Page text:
Ira Winkler and Samantha Manke | Oct. 24, 2013
Looking for ways to prove the value of security awareness efforts in your organisation? We break down four ways to use metrics as a way to measure your program's effectiveness

Useful and legitimate metrics have long evaded the information security community as a whole. Without proper metrics, you cannot truly prove the value of a security program. This makes it difficult to justify increasing the budget and even maintaining the budget that you have.

Security awareness is especially vulnerable to criticism of its value. We take for granted all of the times we do not click on a phishing email or exercise good judgment. It is also hard to know all of the incidents that were prevented, because there was no vulnerability to be exploited.

Even with the best awareness program in place, as with all security countermeasures, there will be failures, and it will be easy to point to the cost of the failures. So it is essentially impossible to prove all of the losses your security awareness program prevented and the money that you saved, while the failures make themselves apparent. For that reason, it is important to determine how to measure improvements in security awareness and the savings generated by those improvements.

Misleading Metrics
As our past articles stress, it is critical to understand the difference between awareness and training. Training provides a fixed body of knowledge, while awareness intends to change behaviors. While knowledge must be imparted on the students with awareness, the knowledge is irrelevant if it does not result in the desired behaviors. With training, as long as the fixed body of knowledge was provided and sometimes the students pass a test regurgitating basic knowledge, the training is considered successful.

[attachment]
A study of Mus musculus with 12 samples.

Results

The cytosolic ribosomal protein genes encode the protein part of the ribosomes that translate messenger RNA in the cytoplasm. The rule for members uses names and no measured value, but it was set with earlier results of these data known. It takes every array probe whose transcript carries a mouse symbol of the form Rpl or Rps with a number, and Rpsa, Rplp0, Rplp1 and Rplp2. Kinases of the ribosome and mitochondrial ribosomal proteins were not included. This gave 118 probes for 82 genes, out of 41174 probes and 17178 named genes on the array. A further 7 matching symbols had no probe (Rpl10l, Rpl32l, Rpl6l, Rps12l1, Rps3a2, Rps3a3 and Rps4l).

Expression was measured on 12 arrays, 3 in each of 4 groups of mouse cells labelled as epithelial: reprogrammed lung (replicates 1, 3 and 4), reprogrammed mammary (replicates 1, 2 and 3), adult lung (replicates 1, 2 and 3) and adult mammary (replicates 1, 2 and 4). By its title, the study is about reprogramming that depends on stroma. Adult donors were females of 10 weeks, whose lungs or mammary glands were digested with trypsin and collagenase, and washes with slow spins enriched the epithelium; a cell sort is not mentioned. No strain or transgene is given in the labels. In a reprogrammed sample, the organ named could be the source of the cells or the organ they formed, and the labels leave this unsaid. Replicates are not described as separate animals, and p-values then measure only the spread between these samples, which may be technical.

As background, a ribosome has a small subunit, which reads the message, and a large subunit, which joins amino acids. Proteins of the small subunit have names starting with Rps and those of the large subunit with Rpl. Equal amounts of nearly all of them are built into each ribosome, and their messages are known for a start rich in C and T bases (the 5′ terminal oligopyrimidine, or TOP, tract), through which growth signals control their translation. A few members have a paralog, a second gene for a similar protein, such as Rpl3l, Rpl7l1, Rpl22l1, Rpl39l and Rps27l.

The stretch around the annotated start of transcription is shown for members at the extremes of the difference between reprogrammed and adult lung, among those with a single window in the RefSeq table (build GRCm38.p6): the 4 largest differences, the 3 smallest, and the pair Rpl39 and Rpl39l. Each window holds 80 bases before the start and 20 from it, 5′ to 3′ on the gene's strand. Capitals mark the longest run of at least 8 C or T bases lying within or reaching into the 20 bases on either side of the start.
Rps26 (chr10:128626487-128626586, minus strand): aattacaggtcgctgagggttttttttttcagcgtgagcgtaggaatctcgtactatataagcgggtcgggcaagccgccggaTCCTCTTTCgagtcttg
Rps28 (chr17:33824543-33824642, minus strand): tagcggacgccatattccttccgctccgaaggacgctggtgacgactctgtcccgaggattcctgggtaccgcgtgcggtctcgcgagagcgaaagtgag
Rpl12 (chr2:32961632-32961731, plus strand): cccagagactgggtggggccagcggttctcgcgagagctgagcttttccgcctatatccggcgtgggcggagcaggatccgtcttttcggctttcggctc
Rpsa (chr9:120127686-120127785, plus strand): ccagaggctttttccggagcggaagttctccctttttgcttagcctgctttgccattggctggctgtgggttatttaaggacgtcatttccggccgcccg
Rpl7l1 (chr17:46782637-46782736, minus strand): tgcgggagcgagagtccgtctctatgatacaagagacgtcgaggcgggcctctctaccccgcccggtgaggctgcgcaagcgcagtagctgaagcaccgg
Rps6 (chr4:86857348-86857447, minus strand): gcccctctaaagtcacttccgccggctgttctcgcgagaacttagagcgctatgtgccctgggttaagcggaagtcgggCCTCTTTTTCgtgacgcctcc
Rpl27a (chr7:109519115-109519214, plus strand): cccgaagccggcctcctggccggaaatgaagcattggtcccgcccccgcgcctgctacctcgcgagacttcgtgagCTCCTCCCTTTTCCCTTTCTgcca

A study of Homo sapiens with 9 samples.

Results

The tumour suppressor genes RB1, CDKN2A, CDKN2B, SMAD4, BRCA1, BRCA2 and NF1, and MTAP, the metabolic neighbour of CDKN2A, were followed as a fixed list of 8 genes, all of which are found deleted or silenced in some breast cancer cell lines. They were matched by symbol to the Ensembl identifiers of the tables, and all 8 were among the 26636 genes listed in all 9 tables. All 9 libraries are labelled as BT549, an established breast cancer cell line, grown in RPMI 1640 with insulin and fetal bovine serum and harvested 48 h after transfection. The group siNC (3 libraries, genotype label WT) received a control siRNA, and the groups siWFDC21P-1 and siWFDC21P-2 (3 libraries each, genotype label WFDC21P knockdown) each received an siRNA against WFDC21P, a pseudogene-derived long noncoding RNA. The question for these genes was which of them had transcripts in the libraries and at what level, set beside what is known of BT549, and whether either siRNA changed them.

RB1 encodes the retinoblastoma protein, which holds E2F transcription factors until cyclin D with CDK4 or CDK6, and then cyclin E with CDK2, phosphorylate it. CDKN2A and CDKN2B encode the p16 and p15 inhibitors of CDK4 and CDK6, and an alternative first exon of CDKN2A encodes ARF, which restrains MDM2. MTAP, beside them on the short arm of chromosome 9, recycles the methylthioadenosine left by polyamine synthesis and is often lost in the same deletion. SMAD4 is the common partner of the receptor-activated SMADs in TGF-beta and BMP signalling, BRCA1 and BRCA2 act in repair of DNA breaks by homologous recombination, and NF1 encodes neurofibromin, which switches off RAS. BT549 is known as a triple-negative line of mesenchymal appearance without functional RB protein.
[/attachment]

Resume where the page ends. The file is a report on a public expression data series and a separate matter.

The most common metrics associated with security awareness do not help justifying security awareness efforts. The most common metric is simply whether or not a person took a mandatory computer-based training (CBT) course. Completing a mandatory course of varying time and quality does not do much to actually demonstrate whether or not the students understand the materials, and more importantly, put the training into practice by changing their behaviors. It does however account for compliance requirements, which generally say that an organization must provide awareness training, without regards to effectiveness or results. This is not to say that CBT is ineffective or should not be a part of an awareness program the metrics associated with the training do not represent an actual improvement with awareness.

Then there are attack simulations, which inherently provide metrics. Such simulations include phishing simulations, USB drops, and Social Engineering simulations. However, just seeing a reduced rate of "success" might not tell you as much as you think. For example, even if you get 0 clicks on a phishing simulation, it has limited use if the users just know not to click on a very basic pretext. There is a broad range of attack sophistications, and simulation results only apply to the specific pretext(s) used.